Series A round sizes, valuations surged in Q4

Series A round sizes, valuations surged in Q4

Author: Kevin Dowd
Read time:  2 minutes
Published date:  January 18, 2024
The median primary Series A round size reached $11.3 million in Q4 and the median valuation hit $44.8 million, climbing for the third straight quarter.

During the middle of 2023, the Series A market began to show signs of bouncing back from a slump that had defined much of the past year. 

That recovery continued in Q4. 

The median size of a primary Series A round on Carta climbed to $11.3 million in the final three months of the year, according to preliminary data from Q4. That’s up from $10 million in Q3. And the median primary Series A valuation reached $44.8 million, up from $39.8 million. Both of those figures have now increased in three consecutive quarters.  

First cut Q4 2023 Series A Round Sizes

Signs of an upswing

Both the median round size and median valuation for primary Series A rounds still lag behind their recent highs. But the gap is swiftly closing.

Last quarter’s median primary round size was just 14% off the high of $13.1 million reached back in Q4 2021. And the median primary valuation was just 7% off the high of $48.2 million from Q1 2022. In fact, Q4 registered the third-highest median valuation on primary Series A investments of any quarter so far this decade. 

First cut Q4 2023 Series A Valuations

A big quarter for bridge rounds

Series A fundings come in two types: primary rounds and bridge rounds. Over the past several quarters, bridge rounds have become a much more common occurrence in the venture ecosystem. Faced with declining deal counts and falling valuations, companies have increasingly opted for extensions or add-ons to a prior round rather than raising an entirely new series.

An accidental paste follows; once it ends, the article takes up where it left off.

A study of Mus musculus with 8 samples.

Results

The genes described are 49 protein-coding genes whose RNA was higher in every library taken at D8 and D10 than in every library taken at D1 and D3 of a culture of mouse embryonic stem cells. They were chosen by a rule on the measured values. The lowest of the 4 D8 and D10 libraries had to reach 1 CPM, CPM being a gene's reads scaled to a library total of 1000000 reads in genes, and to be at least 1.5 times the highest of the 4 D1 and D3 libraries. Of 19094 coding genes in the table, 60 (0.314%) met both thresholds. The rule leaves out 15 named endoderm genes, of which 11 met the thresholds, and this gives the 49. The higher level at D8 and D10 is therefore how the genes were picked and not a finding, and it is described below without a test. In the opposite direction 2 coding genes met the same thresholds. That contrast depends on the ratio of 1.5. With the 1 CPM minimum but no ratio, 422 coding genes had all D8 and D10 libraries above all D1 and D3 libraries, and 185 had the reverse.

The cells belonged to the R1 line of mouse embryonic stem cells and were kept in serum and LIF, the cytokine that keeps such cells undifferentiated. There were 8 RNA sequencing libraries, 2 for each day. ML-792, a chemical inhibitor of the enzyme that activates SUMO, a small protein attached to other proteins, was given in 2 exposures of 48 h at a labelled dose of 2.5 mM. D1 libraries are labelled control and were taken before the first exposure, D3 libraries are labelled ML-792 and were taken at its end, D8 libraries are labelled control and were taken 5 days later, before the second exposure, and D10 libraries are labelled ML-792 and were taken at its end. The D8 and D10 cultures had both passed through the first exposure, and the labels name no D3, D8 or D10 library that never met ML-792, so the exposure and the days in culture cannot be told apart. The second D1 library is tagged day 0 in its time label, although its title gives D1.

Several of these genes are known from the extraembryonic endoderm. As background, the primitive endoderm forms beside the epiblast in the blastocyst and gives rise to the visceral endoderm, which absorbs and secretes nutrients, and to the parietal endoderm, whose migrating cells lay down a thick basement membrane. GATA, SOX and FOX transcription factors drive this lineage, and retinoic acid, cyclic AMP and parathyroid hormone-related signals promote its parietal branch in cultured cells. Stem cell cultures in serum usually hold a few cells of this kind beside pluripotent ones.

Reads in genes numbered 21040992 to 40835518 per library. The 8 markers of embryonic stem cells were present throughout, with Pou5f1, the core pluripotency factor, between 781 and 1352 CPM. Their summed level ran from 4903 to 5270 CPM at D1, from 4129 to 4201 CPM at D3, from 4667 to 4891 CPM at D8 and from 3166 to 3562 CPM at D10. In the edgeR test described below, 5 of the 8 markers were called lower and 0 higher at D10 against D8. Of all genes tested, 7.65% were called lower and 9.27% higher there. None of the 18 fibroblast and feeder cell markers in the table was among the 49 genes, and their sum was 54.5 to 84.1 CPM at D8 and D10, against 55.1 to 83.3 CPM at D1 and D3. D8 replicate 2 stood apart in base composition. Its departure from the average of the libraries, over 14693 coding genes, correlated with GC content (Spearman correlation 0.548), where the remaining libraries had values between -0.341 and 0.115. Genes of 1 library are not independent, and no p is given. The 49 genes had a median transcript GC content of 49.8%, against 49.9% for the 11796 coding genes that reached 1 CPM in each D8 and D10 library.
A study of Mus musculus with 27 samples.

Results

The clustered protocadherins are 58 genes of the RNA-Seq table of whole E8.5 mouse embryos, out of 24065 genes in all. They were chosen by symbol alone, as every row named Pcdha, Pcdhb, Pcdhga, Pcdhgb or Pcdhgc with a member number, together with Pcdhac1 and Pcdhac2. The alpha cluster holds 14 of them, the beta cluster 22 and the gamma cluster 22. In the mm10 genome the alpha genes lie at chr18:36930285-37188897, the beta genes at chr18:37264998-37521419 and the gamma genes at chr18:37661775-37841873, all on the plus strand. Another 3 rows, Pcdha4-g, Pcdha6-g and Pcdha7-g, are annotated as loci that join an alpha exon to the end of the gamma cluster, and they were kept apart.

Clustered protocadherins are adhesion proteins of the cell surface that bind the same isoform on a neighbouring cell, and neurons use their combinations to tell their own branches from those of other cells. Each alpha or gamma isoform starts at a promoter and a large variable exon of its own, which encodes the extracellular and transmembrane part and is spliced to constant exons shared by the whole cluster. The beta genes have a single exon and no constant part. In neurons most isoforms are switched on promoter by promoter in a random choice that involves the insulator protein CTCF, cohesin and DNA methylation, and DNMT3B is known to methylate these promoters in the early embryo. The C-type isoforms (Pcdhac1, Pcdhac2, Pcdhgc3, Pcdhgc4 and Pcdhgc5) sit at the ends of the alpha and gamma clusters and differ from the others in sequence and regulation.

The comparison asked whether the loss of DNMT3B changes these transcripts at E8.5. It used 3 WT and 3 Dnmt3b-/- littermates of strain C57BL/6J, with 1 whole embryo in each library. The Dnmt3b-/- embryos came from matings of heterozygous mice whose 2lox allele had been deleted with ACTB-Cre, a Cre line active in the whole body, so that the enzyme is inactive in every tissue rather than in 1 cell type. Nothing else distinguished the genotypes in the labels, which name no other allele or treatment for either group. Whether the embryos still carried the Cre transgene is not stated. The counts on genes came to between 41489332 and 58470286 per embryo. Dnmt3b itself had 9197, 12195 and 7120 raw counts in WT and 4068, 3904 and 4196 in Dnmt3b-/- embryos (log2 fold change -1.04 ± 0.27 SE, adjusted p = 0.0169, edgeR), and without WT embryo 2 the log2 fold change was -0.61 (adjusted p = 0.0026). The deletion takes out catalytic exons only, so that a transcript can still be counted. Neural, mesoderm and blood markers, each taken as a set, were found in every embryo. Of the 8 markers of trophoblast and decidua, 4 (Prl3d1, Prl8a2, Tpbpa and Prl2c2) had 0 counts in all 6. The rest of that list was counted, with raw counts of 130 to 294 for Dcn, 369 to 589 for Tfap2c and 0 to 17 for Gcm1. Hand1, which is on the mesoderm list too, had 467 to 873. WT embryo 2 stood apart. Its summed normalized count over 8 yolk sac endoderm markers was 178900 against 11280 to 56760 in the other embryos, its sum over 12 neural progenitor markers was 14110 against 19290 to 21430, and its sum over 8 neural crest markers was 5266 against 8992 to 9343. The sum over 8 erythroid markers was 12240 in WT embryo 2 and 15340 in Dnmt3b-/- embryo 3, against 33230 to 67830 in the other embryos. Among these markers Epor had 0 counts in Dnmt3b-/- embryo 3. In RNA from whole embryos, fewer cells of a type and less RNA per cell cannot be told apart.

These bridge rounds proved bountiful in Q4. The median valuation in bridge rounds raised by Series A companies jumped by nearly 37%, reaching $48.1 million—the largest quarterly increase among either bridge or primary valuations at Series A in the past four years. 

After the two trend lines inverted in Q3, the median bridge valuation at Series A was once again higher than the median primary valuation in Q4. This means that it’s less likely that a Series A startup raising bridge funding will have to do so at a lower valuation than their previous primary round—a very welcome development for founders who might aim to bring on bridge funding in the months to come. 

Author: Kevin Dowd
Kevin Dowd is a senior writer covering the private markets. Prior to joining Carta, he reported on venture capital and private equity at Forbes, where he wrote the Deal Flow newsletter, and at PitchBook, where he wrote The Weekend Pitch.